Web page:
If you overeat, you may gain unhealthy amounts of weight. Excess fat, especially fat know as visceral fat in your abdomen, can raise your risk for snoring and subsequent sleep apnea. When excess abdominal fat exerts too much pressure on your diaphragm, you may be unable to sustain an effective pattern of breathing during sleep.

If you are overweight, try losing a few pounds. If you are unable to lose weight on your own, talk to your doctor who will be able to recommend effective weight management strategies to help you with your struggle.  

Drinking Alcohol Before Bedtime

If you drink alcohol before going to sleep, you may be at risk for sleep apnea. Alcohol can relax the muscles in your mouth and throat, including the muscles in the back of your tongue. This can cause the back of your tongue to slip into your throat, blocking your airway and impairing your breathing.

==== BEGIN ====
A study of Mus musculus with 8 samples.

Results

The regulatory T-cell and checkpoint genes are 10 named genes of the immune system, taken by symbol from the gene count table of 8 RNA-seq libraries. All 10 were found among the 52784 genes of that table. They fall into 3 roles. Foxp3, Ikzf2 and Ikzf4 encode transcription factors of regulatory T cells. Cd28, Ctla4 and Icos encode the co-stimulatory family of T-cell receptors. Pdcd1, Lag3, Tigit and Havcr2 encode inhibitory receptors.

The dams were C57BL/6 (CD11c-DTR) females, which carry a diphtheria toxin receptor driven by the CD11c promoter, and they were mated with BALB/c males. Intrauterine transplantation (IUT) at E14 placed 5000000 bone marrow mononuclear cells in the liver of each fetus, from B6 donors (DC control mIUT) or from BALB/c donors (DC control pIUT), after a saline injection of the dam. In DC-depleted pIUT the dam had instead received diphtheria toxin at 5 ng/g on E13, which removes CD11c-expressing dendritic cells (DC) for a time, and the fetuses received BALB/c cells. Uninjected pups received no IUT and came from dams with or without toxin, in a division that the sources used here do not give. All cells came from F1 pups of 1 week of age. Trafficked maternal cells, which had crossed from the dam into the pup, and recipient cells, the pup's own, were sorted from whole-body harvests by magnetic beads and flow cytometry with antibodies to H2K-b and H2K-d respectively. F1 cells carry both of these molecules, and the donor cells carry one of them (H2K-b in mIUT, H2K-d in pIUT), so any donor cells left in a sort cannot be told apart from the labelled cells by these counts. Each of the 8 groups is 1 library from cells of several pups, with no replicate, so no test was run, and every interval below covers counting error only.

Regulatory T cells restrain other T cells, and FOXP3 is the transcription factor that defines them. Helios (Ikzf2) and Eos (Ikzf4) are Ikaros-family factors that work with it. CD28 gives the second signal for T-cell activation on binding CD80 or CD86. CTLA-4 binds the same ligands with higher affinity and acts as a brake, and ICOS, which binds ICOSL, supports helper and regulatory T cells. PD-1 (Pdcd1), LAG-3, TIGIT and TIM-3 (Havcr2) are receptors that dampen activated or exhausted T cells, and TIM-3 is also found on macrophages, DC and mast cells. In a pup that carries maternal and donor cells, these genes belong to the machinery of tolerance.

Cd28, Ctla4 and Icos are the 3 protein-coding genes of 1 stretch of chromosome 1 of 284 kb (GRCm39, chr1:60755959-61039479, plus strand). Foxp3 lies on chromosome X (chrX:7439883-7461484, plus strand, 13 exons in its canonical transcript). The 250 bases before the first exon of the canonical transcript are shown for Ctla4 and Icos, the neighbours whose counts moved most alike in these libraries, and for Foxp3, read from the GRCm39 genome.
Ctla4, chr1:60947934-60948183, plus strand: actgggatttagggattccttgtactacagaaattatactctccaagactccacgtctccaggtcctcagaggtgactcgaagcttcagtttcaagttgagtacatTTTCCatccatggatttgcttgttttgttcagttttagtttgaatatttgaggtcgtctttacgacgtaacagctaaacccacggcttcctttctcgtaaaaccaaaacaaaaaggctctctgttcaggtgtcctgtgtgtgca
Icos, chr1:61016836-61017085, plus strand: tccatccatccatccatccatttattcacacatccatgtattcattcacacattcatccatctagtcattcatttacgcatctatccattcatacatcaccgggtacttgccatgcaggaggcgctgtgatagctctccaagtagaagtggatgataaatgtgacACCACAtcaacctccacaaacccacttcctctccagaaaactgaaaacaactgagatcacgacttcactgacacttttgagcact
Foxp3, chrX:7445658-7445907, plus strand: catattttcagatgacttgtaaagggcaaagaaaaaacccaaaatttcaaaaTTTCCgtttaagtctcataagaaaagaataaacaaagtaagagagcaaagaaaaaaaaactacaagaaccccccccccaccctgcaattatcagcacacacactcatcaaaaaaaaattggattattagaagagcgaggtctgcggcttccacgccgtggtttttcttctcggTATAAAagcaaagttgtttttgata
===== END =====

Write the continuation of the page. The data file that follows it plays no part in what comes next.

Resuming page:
When the airway in your throat is impeded or obstructed, sleep apnea and episodes of breathing cessation can occur. Try abstaining from drinking before going to sleep so that your body has a chance to metabolize the alcohol. If you do drink before bedtime, try sleeping on your side to help ensure that your airway stays open while you sleep.

Eating Certain Foods

Acid reflux disease can also raise your risk for apnea episodes. If you have acid reflux, avoid trigger foods, such as chocolate, alcohol, mint, onions, citrus fruit, and coffee. These foods can lead to heartburn and the release of irritating stomach acid into your esophagus and throat.

This can subsequently cause inflammation of your larynx, and the soft tissue of your throat can impair your breathing. If you have acid reflux, try sleeping with the head of your bed elevated to discourage stomach acid from migrating up into your esophagus. 

If you think you have sleep apnea, make an appointment with an ENT specialist to discuss snoring surgery and other interventions that may help manage your condition. After your snoring and sleep apnea have been treated, you will feel better, reduce your risk for certain medical conditions, and have more energy during the day.